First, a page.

When people talk about creativity, they say that it is about 'thinking out of the box', 'breaking the rules', or 'being different'. And they are certainly right. Yet, people often associate creativity with complex innovations, technical or not. But is creativity necessarily the opposite of simplicity? In this post, I want to draw readers' attention to how marketers can be creative by taking things back to the 'simple' level.


Marketers often think that customers perceive new lines of products or complex features on products as a sign of creativity. And that such creativity is valued and results in increased sales. But why always make things more complex? When Steve Jobs returned to Apple in 1997, one of the first things he did was to simplify Apple's line of products. Actually, he only kept four products, following a simple 2 x 2 matrix: user (professional vs. consumer) and type of computer (desktop vs portable). Brilliantly simple! Another interesting example of simplicity in a product is a Swedish project called 'MuteWatch'. The designers offered a watch so simple that it simply looks like a bracelet. Touch the invisible display, and it lightens and shows you what time it is. Even better, it shows the time when you turn your wrist 90° to look at it.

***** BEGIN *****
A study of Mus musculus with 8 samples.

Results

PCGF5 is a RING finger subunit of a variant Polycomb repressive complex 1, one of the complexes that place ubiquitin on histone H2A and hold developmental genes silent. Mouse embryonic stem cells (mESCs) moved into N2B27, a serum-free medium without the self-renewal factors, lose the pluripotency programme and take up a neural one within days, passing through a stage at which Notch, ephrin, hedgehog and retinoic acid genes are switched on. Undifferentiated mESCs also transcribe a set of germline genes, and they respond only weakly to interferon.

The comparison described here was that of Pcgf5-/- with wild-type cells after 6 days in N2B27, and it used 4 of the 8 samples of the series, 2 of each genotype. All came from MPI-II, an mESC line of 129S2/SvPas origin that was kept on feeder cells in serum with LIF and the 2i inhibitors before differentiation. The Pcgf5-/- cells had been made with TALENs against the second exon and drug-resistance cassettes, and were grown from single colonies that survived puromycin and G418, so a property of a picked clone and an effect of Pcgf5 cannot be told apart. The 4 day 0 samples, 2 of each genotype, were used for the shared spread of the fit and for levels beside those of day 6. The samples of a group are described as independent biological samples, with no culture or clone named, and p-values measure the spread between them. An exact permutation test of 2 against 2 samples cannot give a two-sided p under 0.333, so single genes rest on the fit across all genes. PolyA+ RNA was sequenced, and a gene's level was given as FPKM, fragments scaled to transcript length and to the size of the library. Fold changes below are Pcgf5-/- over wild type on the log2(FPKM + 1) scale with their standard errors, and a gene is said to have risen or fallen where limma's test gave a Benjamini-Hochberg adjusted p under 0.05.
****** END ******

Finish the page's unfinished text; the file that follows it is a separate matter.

Simplicity, as Charlie Chaplin put it, is not a simple thing. Reinventing products creatively - and simply - is often a real challenge, meaning trying to find ways to chase the unnecessary, devoting a lot of thinking to finding what the essence of the product is, and ways to bringing more value to customers by doing less. Isn't it precisely what creativity is about?


So the next time you want to be creative about your marketing strategy, ask yourself what you could simplify in it, rather than what you could add!